BERLIN (GenomeWeb) – Laboratories at 11 institutions in Europe, Canada, and Japan have tested Thermo Fisher Scientific's Oncomine Lung cfDNA assay and found that it can detect low-level mutations in circulating free DNA control samples with high sensitivity and specificity.

Yesterday at the Association for Molecular Pathology AMP Global Congress in Berlin, Claudia Vollbrecht of the Institute of Pathology at Charité University Medicine Berlin presented the results of the study, which was conducted by the OncoNetwork Consortium, a network of researchers organized by Thermo.


Vox reports on inequities in genetic research and efforts to address them.

The New York Times reports that Arizona State University's Lawrence Krauss is retiring following allegations of sexual misconduct.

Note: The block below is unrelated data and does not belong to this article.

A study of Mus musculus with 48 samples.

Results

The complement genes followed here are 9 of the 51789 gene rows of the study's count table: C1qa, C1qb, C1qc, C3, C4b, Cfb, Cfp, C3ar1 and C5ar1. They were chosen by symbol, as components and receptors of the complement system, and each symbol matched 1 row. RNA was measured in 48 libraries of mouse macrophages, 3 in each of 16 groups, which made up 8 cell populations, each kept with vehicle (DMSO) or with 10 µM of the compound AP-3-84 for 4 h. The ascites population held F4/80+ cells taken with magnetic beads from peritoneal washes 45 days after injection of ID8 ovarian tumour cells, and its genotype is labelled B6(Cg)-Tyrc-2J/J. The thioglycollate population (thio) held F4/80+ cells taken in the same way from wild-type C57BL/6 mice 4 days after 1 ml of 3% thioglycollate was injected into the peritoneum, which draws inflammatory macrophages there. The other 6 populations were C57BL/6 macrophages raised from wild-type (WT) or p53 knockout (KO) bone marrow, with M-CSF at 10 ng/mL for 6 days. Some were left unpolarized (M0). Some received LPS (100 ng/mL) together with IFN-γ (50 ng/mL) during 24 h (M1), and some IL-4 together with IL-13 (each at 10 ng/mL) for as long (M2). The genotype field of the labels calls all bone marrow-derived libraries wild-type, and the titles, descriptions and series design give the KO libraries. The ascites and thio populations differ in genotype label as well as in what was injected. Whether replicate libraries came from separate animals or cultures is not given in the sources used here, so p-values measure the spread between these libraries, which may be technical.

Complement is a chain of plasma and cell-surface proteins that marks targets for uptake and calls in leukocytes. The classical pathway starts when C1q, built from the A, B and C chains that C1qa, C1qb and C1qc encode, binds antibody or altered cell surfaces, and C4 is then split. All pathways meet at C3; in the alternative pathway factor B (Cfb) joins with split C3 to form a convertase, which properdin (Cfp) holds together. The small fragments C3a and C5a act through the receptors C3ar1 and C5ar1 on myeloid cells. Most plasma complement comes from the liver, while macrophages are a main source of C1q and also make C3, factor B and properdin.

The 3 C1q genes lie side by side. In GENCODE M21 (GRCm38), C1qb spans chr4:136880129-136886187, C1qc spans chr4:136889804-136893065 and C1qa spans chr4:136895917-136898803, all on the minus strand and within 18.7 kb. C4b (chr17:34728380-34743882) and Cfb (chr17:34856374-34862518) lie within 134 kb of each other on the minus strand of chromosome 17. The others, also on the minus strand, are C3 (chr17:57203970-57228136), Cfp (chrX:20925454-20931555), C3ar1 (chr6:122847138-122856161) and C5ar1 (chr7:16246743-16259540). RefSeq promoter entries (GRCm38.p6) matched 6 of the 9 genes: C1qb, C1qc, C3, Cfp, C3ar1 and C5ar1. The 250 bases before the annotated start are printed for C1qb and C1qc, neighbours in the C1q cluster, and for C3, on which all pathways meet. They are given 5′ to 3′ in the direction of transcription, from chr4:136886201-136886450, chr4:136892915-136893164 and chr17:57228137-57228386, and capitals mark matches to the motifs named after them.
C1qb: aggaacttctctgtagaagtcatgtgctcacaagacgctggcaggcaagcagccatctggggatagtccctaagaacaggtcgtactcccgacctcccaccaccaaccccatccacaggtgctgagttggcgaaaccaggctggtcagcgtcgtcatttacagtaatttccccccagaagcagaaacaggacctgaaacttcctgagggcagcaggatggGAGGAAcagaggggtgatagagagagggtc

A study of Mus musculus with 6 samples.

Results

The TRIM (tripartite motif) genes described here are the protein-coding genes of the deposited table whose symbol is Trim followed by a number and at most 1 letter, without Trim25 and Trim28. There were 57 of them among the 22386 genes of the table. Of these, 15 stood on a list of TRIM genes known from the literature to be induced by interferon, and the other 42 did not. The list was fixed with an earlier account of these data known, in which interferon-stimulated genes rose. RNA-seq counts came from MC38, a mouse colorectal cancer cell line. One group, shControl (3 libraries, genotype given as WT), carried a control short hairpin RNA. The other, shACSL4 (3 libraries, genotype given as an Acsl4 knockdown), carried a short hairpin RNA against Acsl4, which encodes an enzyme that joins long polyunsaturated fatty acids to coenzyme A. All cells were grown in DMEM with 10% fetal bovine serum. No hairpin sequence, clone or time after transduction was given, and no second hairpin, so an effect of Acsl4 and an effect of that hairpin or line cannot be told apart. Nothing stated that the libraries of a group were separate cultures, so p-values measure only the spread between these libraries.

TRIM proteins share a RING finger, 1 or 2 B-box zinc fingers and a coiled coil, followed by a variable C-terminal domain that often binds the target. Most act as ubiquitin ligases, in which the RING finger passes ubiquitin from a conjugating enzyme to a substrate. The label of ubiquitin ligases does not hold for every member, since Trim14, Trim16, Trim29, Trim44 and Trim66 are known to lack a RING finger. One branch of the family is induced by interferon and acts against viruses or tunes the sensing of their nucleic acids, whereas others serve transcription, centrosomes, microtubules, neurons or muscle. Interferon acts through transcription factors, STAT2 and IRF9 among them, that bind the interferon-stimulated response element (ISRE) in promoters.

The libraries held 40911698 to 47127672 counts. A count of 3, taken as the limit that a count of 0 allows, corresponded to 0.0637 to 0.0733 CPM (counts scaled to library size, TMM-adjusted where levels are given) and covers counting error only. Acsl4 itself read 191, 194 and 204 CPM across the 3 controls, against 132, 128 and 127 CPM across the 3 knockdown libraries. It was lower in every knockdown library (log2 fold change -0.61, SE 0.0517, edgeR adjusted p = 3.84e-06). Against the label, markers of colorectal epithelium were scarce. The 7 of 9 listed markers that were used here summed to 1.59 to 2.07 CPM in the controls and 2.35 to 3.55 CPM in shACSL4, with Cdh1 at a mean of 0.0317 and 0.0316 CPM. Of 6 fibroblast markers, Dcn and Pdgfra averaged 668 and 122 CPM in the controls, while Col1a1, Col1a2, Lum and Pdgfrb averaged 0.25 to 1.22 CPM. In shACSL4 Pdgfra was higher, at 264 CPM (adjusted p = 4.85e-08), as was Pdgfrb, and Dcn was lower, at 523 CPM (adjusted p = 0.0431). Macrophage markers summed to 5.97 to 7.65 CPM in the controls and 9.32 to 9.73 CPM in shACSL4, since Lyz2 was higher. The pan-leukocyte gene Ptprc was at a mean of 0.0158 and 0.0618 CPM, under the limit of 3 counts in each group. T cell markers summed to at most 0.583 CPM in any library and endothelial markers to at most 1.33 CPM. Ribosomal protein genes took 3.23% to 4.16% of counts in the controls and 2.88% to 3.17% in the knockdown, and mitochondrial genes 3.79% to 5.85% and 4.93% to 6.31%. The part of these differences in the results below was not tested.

In PNAS this week: de novo NUS1 mutations linked to Parkinson's disease risk, candidate hepatocellular carcinoma drivers, and more.

Oct
25
Sponsored by
Roche

This webinar will detail a comprehensive strategy that a lab has put in place to evaluate  NGS oncology assays for genomic tumor profiling of plasma and tissue samples.  

Nov
05
Sponsored by
Sophia Genetics

With the Next Generation Sequencing (NGS), genomes sequencing has been democratized over the last decades with the detection of genomic alterations, thus replacing Sanger sequencing.

Nov
07
Sponsored by
Qiagen

This webinar will provide a first-hand look at how a leading pathology lab implemented a next-generation sequencing panel to capture comprehensive molecular tumor profiles.

Nov
27
Sponsored by
Genialis & Roche

While next-generation sequencing (NGS) has driven recent advances in precision oncology research, it often falls short when identifying the molecular mechanisms underlying many malignancies. As a result, alternative NGS-based approaches are needed to identify oncogenic drivers and potential drug targets.